Life After Breast Cancer
Cancer taught me to slow down.
-- Nicole Vazquez, 37, diagnosed three years ago
Vazquez was found to have Stage 2, triple-negative cancer when she was 34. She had chemotherapy followed by a mastectomy, radiation, and breast reconstruction. One year later, Vazquez became manager of corporate sponsorship at Susan G. Komen for the Cure. She lives in Dallas.
September 11 is an even more meaningful date for me than it is for most other Americans because that was the day in 2006 when I first felt a lump in my left breast. A week and a half later I was diagnosed with an aggressive form of breast cancer and was told to start chemotherapy immediately. My doctors said I couldn't even wait long enough to harvest and freeze some of my eggs so that I could have kids one day. First I spent 24 weeks on chemo to shrink the tumor, then I had a mastectomy.
I've always been a confident, upbeat person with tons of energy and I wasn't about to let cancer get in my way. So four weeks after my surgery, there I was, back at work full-time, even though I was getting daily radiation treatments. My colleagues would ask, "How are you doing, Nicole?" and I'd flash a big smile and say, "Great, great." I was determined to be Wonder Woman.
And for a year I managed it. Then one day I simply crashed. I went to bed and slept for 10 hours. For a couple of months it was all I could do to drag myself to the office every day. Eventually I realized that my body was telling me that I needed to slow down and reflect on the enormity of what I'd been through.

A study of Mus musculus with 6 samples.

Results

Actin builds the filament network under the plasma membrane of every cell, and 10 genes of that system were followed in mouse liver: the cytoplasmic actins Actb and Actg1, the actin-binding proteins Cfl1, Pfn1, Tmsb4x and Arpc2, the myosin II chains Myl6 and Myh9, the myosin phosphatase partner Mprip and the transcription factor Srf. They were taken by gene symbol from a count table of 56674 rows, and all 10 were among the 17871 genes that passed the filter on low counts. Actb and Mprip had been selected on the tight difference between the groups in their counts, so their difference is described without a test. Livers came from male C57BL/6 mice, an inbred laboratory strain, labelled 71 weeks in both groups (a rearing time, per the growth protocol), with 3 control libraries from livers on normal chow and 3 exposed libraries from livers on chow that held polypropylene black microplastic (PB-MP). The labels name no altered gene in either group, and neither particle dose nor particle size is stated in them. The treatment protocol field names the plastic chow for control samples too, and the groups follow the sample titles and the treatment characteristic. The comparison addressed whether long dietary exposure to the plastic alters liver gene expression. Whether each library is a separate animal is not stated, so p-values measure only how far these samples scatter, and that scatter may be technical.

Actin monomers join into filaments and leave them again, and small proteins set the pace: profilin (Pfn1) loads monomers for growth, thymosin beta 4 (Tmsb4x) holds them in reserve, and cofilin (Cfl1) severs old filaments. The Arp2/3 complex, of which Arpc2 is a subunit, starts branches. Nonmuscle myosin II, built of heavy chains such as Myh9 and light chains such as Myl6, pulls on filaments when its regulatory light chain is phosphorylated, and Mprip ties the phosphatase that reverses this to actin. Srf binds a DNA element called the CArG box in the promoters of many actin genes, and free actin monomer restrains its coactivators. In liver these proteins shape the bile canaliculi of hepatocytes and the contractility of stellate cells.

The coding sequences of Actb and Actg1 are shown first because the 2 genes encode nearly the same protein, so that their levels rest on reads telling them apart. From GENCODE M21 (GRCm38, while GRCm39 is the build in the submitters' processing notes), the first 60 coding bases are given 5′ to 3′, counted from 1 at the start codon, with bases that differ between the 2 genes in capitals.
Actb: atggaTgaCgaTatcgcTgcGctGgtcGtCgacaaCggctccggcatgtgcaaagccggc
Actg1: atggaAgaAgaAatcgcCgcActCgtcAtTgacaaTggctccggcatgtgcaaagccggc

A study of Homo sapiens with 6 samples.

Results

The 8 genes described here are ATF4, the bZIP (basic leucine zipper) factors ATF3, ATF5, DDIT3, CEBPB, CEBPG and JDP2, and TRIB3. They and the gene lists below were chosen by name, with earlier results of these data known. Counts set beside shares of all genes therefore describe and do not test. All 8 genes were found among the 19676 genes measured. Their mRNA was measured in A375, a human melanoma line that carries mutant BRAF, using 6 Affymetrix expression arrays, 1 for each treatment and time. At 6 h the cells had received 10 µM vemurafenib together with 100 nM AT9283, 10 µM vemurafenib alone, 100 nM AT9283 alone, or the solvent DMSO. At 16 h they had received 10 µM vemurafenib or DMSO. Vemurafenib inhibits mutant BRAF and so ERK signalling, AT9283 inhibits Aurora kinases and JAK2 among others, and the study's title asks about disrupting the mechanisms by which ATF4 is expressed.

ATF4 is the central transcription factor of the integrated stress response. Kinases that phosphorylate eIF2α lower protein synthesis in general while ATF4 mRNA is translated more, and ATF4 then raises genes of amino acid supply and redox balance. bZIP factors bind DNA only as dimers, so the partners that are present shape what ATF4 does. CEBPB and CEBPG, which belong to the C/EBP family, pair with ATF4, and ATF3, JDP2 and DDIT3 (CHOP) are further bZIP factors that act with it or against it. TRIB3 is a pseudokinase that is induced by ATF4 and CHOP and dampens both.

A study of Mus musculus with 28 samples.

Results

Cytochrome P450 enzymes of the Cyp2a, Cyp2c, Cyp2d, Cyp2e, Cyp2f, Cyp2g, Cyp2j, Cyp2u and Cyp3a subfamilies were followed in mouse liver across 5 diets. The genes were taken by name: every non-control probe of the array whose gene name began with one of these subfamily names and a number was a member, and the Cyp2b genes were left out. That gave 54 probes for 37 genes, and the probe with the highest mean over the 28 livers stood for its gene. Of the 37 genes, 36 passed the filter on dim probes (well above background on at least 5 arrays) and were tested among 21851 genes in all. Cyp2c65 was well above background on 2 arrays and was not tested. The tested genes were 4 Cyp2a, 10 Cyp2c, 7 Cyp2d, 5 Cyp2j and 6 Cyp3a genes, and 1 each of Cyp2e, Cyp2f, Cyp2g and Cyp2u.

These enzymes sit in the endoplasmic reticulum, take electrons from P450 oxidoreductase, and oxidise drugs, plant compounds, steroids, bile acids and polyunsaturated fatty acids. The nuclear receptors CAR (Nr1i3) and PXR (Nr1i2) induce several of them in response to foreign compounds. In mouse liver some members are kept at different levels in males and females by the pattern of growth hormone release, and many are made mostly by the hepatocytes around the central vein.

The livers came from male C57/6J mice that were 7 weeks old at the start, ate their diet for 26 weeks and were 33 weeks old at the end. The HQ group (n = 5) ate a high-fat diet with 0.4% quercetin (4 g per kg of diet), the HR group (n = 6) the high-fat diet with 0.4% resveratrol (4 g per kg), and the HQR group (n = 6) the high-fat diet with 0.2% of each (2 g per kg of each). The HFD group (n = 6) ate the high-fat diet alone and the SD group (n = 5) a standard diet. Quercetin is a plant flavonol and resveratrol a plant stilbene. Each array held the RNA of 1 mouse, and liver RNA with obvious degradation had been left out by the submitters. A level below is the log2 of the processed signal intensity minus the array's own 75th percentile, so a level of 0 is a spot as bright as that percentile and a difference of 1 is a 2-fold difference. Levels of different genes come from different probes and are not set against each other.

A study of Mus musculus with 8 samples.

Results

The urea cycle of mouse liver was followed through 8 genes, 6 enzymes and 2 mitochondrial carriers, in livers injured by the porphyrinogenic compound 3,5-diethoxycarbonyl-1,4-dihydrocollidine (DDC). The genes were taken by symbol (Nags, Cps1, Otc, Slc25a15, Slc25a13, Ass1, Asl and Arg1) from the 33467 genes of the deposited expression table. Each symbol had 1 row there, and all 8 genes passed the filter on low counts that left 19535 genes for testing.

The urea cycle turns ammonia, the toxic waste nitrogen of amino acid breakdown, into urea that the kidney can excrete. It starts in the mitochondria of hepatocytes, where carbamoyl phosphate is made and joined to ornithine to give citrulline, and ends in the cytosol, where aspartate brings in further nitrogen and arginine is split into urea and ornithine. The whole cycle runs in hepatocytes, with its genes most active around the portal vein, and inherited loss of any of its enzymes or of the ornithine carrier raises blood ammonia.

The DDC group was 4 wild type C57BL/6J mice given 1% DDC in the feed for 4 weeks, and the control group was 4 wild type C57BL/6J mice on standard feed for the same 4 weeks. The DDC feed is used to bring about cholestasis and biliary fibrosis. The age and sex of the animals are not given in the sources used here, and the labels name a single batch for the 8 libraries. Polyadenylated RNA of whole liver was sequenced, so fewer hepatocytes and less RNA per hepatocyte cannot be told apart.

It was also telling me I needed to set new priorities. For years my first concern was my job; my personal life had to fit into whatever space was left over. And I'd crammed that space full of frantic activity. I'd taken all the ingredients of a successful career -- efficiency, drive, achievement -- and applied them to my nonwork life, never once stopping to figure out what I really wanted.
These days, what I want is at the top of my list. And sometimes that's sleeping for 10 hours straight or just vegging out in front of the TV. If I don't have the energy to do something, I admit it to myself and don't commit. The same goes for work. I'll put in long hours if necessary, but there are times when I have to say, "Not today."
If cancer does nothing else, it teaches you the importance of having a support system. I'd always prided myself on my independence, so it was hard for me to ask for help. But I realized that it's okay to rely on others -- that, in fact, people feel honored when you allow them to lend a hand. And once I started accepting my limitations and truly paying attention to my own needs I became much more sensitive to the needs of others.
Today I counsel other women under 40 about the importance of early detection. One of the first things I tell them is, "You don't have to be Wonder Woman." Happily, I now realize that neither do I.